Dissident artist Ai Weiwei speaks for an alternate China, another possibility for it. In a sense, he is the anti-Mao.
Ai Weiwei: Never Sorry. A documentary directed by Alison Klayman. At selected New England cinemas.
By Harvey Blume.
This fine documentary opens with shots of the many cats with whom Ai Weiwei, China’s best-known artist/activist, shares his Beijing studio. One feline has learned to open a door by leaping up to release the lever, after which it saunters out. Ai Weiwei observes that having opened the door, the cat never returns to close it.
Point nicely taken about activism and art.
This is followed by an orange tabby getting willfully tangled up in a small, wood model Ai Weiwei is assembling. He opines that the cat won’t destroy it. He’s completely mistaken and chuckles when kitty does.
Point taken about playfulness.
But it would be a mistake to think of Ai Weiwei, now in his late fifties, as altogether kittenish. As the film documents, it is often fury that drives him. That fury is on display when he goes back to Chengdu where a beating by police in 2008 caused severe headaches later traced to a subdural hemotoma or bleeding into the brain. With director Alison Klayman filming the encounter, he flies at one of the cops, tearing the man’s sunglasses off so he could be plainly identified. Laying hands on a cop is dangerous anywhere, and having a camera around is no guarantee of safety. Ai Weiwei’s anger propels him, and a sense of duty. When asked, at one point, why he seems so fearless, he responds haltingly that, on the contrary, he’s quite fearful but has concluded that “If you don’t act, the dangers become stronger.”
As a rule, he acts. But even he can be daunted, at least temporarily. In April 2011, he was arrested in Beijing and kept under 24-hour guard at an undisclosed location; he had, effectively, been disappeared. When released 81 days later, he was thinner and uncharacteristically reticent, refusing to talk about the experience. But not for long: a few weeks later, he was back in full force on Twitter, which, now that his blog is banned, is the social medium through which he connects with a large Chinese following.
Ai Weiwei is one of the high profile artists Chinese authorities toy with, bestowing freedoms then withdrawing them. Arbitrariness seems to be the name of the game. The lesson is not so much about this law or that limit, ill-defined as they are and are likely meant to be. It is about authority itself—its tripwires, minefields, and irritability.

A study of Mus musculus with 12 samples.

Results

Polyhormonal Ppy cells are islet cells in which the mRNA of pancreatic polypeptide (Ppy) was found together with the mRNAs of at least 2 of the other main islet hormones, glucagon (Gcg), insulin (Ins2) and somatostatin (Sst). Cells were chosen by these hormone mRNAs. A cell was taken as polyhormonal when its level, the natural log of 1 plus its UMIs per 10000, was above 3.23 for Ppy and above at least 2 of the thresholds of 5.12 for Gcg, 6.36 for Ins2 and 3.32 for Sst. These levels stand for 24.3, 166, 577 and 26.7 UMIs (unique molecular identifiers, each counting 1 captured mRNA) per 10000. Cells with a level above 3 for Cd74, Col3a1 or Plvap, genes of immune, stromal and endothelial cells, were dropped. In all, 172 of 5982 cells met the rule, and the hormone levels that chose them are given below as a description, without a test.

Ai Weiwei was celebrated for his role in designing the celebrated Bird’s Nest stadium for the 2008 Beijing Olympics but soon after denounced the games as a “pretend smile.” He told The New York Times that “What counts are the tens of thousands of lives ruined because of poor construction of schools in Sichuan, because of blood sellers in Henan, because of industrial accidents in Guangdong and because of the death penalty. These are the figures that really tell the tale of our era.”
He had earlier spent a decade (1983–1993) in New York City, remarking that its lights, as his plane set down, looked to him “like a basket of jewelry.” A touch of New York at once nullified “twenty years of [state] education.” There he assimilated Western art and culture, with an accent on Duchamp and Warhol, took and exhibited thousands of photographs, and joined in protests and demonstrations. The film darts a bit too quickly past a suggestive photo of Ai Weiwei, China’s dissident to be, sitting alongside Allen Ginsberg, who might be termed America’s dissident laureate, were that not an oxymoron. As it happens, Ginsberg, who seems to have known everyone, had met Ai Qing, Ai Weiwei’s, father, on a trip to China.
Ai Qing had been one of China’s best known poets. Though he sided with the Communist Party and had penned earnest praise songs to Chairman Mao (probably not his best work), he spent much of Communist rule having rocks hurled at him, ink poured on him, for the sin of literature, while cleaning rural toilets and almost starving. Ai Weiwei, growing up, witnessed these humiliations. When Ai Qing was officially “exonerated” in 1978 and his sentencing labeled a “mistake,” his response, as per Ai Weiwei, was, “For you it was a mistake, one word, for me it was 20 years.”
Ai Weiwei had gone to Sichuan in 2008 to document the effects of the earthquake, during which 70,000 people died, including thousands of schoolchildren whose schools caved in on them because of notoriously shoddy—”tofu”—construction. Ai Weiwei used thousands of multi-colored, children’s backpacks to spell out in Chinese characters what one mother said about her daughter: “She had been happy living in this world for 7 years.”
This artist’s work and his role are not fully translatable into Western categories. There is no one quite like him here. The Chinese, of course, are numerous, and numbers therefore play an appropriate part in his work, as in the number of backpacks he used for his show about the earthquake. When he returned to Chengdu, he ordered a feast for sympathizers—there is no lack of food in this movie—consisting of thousands of river crabs. Weiwei himself was not permitted to attend this mass dinner but his friends ate very well.
Ai Weiwei speaks for an alternate China, another possibility for it. In a sense, he is the anti-Mao. Ai Weiwei: Never Sorry is an essential introduction to his work to date.